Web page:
The bigger question now is whether this will be 2008 all over again for the Indians, when they traded three veterans after a depressing start. It worked very well last year, as the Indians' trades of ace pitcher CC Sabathia plus Casey Blake and Paul Byrd netted them a haul of young prospects and didn't hurt their performance one iota, either (in fact, Cleveland staged a startling second-half turnaround to make it back to the .500 mark). They are in last place after a similarly depressing start, and the speculation regarding another trade of their ace already has begun.
Not so fast, says Indians GM Mark Shapiro. "Every facet of our decision making is about making the team better," Shapiro said by phone. "Obviously, that dynamic could shift ... but at this point, our focus is singular."
The left-handed Lee, who went 22-3 last year in an all-world Cy Young performance, is said not to be worrying about it. And his recent performances would support that. While he's 2-5, he has a 3.00 ERA and is looking like an ace lately with a 1.43 ERA in his last six starts. Speaking of a possible trade, Lee's agent Darek Braunecker said, "It's not something Cliff's given too much consideration to, but he's aware it could happen."
Shapiro certainly succeeded with his 2008 selloff (last year's incredible haul included slugger Matt LaPorta, center fielder Michael Brantley and superb catching prospect Carlos Santana), but there's a great divergence of opinion as to whether he'll try it again. Two competing executive said they wouldn't be surprised if Lee goes in trade, but two other executives said Shapiro will keep Lee. The reasoning of the latter two was the balanced and tight AL Central division, which has no clear favorite. While the Indians are 14-22 even after two straight wins, they only trail the division-leading Tigers, Royals and Twins (yes, it certainly is tight) by 4 1/2 games.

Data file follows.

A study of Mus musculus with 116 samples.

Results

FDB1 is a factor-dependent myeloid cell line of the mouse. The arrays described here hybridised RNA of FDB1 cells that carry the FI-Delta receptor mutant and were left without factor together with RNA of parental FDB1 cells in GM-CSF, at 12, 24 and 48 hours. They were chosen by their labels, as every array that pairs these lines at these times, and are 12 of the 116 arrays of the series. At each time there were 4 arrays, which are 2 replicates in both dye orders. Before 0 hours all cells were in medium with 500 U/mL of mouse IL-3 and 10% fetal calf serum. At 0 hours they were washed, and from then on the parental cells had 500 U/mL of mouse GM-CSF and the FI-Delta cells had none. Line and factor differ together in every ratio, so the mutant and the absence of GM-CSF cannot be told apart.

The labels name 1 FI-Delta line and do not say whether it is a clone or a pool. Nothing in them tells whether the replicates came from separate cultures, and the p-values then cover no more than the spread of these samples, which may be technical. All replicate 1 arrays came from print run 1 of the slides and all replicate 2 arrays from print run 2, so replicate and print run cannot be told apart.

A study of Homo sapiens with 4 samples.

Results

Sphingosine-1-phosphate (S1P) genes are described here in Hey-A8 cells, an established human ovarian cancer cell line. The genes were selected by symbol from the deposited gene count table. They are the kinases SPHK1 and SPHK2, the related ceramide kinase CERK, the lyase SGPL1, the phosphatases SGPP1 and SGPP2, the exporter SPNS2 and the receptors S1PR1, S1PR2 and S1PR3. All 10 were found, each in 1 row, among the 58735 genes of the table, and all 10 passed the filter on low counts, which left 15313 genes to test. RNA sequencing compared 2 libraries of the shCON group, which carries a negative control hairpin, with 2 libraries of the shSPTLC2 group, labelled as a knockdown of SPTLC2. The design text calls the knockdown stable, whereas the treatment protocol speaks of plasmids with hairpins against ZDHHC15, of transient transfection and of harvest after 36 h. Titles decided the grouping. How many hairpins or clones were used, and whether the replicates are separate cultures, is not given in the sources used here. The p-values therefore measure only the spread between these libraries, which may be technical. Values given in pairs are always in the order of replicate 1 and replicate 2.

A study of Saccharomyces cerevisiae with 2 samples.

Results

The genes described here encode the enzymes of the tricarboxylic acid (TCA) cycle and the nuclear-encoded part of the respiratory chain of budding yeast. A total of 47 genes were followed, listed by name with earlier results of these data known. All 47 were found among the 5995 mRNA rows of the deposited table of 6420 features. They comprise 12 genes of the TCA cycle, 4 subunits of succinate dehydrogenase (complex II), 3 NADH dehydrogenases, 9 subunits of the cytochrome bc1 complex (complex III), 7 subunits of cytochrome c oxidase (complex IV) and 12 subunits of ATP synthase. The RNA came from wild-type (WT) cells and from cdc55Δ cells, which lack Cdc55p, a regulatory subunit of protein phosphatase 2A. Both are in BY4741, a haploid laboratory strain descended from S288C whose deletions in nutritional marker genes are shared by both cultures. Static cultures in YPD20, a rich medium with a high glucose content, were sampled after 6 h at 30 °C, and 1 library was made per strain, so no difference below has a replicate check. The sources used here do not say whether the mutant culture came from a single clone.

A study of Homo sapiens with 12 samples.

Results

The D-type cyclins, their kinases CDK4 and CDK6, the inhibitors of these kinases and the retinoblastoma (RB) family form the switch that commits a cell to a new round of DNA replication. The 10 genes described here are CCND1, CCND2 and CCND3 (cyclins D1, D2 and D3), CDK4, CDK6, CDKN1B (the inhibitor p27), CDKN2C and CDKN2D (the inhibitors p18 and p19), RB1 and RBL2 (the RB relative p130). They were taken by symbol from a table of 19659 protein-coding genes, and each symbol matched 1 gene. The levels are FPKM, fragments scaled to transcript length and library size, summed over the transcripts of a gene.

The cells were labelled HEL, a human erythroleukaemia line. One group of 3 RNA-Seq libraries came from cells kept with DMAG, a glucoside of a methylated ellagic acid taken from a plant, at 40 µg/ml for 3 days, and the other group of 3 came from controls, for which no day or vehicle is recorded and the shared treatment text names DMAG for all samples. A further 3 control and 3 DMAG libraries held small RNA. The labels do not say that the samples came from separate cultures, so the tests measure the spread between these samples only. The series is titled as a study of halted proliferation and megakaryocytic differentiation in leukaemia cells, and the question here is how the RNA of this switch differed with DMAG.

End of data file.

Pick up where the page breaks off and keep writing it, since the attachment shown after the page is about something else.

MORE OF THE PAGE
"It's a something of a luxury that nobody has put themselves in position to run away with it," Shapiro said. "That allows us to be a lot more patient with our decision making."
But even in the AL Central, the Indians' bullpen will have to improve for them to compete, and Shapiro is well aware of that. "Horrific," was Shapiro's word to describe his own bullpen. As he pointed out, besides closer Kerry Wood and Rafael Betancourt, all the other relievers are below their career-worst years, much less their career norms. He didn't mince words. "I'm extremely disappointed with our start," Shapiro said.
Another consideration in deciding whether to trade Lee would be the Indians' chances to sign the 30-year-old long term, and the chance for that seems far less than great right now. "Not during the season," Shapiro said. "But a year-and-three-quarters with a player is a lot of time. We're hoping to keep him longer. But if not, that's still a lot of good baseball."
The Indians and Lee apparently understood there was no chance to do a long-term contract last winter, either. Neither side made a single monetary proposal, suggesting both understood that common ground was nowhere to be seen. Lee was coming off a Cy Young season, and that would have meant big bucks for the small-to-mid-market team. Shapiro cited the failing economy for deciding against making Lee an offer last winter. But Shapiro also understands the price tag -- which could be in the range of the $70-80 million received by Roy Oswalt and A.J. Burnett, another Braunecker client -- probably isn't coming down the closer Lee gets to free agency (assuming the $8 million 2010 option is exercised, Lee can be free after the '10 season).
Shapiro, one of the smartest GMs in the game, also knows that Lee is a lot more valuable in trade this summer than he would be a year from now. That lesson was easily seen in the case of Mark Teixeira, when the Braves had to surrender four big-time young players to get him one year, then traded him for only Casey Kotchman a year later.
Most importantly, Shapiro isn't afraid to change course, as he did last year. So the Lee situation is worth keeping an eye on.